June 12, 2008

What someone saw

"I started to look at A in a more sustained way. What I saw repelled me. On all sides, positions were hardening. Those who supported X sneered at those who opposed it. Each side demonized the other. Some of the [anti-X] demonstrators were repulsive: self-righteous, snarling, judgmental in the worst way. The supporters of X were repulsive in a different way, prepared to fight to the last young man."

("A" and "X" are substitutes).

Questions:

1) What does "A" stand for? What does "X" stand for?

2) Who said this, where and when? (Usual rules: No Google/Wiki/Whatever).

3) What else might "A" and "X" stand for, apart from the originals?

Note: #3 does not have a definitive answer.

***

Update: Here's the original quote:

"I started to look at Washington in a more sustained way. What I saw repelled me. On all sides, positions were hardening. Those who supported the war sneered at those who opposed it. Each side demonized the other. Some of the antiwar demonstrators were repulsive: self-righteous, snarling, judgmental in the worst way. The supporters of the war were repulsive in a different way, prepared to fight to the last young man."

From "June 5 1968: The Last Hours of RFK", by Pete Hamill, New York magazine, May 26 2008.

The war Hamill refers to is Vietnam.

As I mentioned in a comment here, posting this without the context was a less successful exercise than I anticipated -- the lines became too generic and thus meaningless.

Still, the reason I posted this was that when I read these lines I was struck by how they might apply to the Iraq war, or to various Indian wrangles. Reservations, Babri Masjid, take your pick.

6 comments:

Anonymous said...

You are neither a leftist nor a rightist, assuming these (A and X) are political parties, why wud u look at "A" in a more sustained way?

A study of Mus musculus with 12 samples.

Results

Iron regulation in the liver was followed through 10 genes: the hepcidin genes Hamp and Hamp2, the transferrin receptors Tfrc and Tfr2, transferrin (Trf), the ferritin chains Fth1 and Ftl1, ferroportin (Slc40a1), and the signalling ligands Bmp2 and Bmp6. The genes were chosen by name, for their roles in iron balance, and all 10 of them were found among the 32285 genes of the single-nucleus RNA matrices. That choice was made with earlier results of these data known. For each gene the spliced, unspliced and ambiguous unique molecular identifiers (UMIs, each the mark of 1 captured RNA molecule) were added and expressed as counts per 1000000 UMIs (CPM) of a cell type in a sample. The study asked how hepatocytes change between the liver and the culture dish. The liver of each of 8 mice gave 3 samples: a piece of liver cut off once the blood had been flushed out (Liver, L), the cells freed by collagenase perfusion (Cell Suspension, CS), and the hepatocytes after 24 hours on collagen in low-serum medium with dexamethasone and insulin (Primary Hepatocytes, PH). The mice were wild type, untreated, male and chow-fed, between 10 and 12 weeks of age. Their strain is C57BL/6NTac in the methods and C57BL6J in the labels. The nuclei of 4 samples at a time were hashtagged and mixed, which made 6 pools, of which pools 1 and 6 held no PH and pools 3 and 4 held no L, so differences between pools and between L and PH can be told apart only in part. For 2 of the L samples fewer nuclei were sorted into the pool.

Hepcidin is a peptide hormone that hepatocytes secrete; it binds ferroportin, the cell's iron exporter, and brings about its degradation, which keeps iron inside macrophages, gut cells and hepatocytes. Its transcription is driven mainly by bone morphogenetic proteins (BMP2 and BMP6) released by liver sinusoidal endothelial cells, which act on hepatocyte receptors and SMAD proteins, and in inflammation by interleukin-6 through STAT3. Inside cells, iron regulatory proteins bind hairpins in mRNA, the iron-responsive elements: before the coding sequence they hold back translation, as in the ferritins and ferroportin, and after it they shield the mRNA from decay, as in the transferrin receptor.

Obscure stuff...

Sudhir Kadkade said...

1. A = Vietnam, X = war
2. Scott McClellan
3. A = Iraq, X = war

Pankaj said...

I am afraid I didn't quite see the point of the question. The quote you have mentioned could describe any emotive issue which strongly polarizes public opinion. Matters of faith, matters of war/nationalism and matters related to perceived deprivation of one group vis-a-vis others, are typically issues which generate strongly polarized views, with strong lobbies both for the issue and in protest against the issue.

In the Indian context "A" could be reservations and "X" could be Mandal commission report.
"A" could be Ramjanmabhoomi movement and "X" could be the building of a Ram temple at Ayodhya. "A" could be Operation Blue Star and "X" could be Sant Bhindranwale.

In the American context "A" and "X" could relate to any of their wars.

Dilip D'Souza said...

Pankaj, you hit the nail on the head. The quote intrigued me, but after I put it up here stripped of identification, I realized it must have that context.

In any case, "A" happens to be "Washington". "X" is "war", in this case specifically the Vietnam war. I'll put the original quote and the author up as an update on the post itself.

But having said that, I think "A" and "X" can stand for many things. I did think, like you, of X as reservations, or the building of that temple. I also thought of the Iraq war, or Kargil, etc.

Pankaj said...

I do believe that strong emotions are a pre-condition for strong protests. Politicians know this and use it as a potent weapon. Pity that they rarely raise the more relevant issues, and encourage real debate and action on them.

There is a connection between this quote and your recent post about why there are no protests from within the Indian military establishment to our armed entanglements. I strongly believe the reason is that a majority of Indians see the army's role in a positive light in most cases, conditioned as we are to conform and accept the correctness of the way that those in authority act. The absence of constructive debate within the political class and the media's obsession with sensationalism (some of the best thought provoking programs I have seen run on an obscure channel called the Lok Sabha Channel) doesn't help the situation either. As a society we are yet to realize the value of constructive debate and protest as a tool to encourage plurality.

Having said that I do believe Americans have two main factors which favour and accept their use of debate and protest - 1) they have a head start of a couple of centuries of democracy, free press and high rates of literacy; and 2) frankly, in their wars and their successive governments' overt support to indefensible causes inside and outside the US, their thinking people really have had a lot of justification to protest the actions of their governments!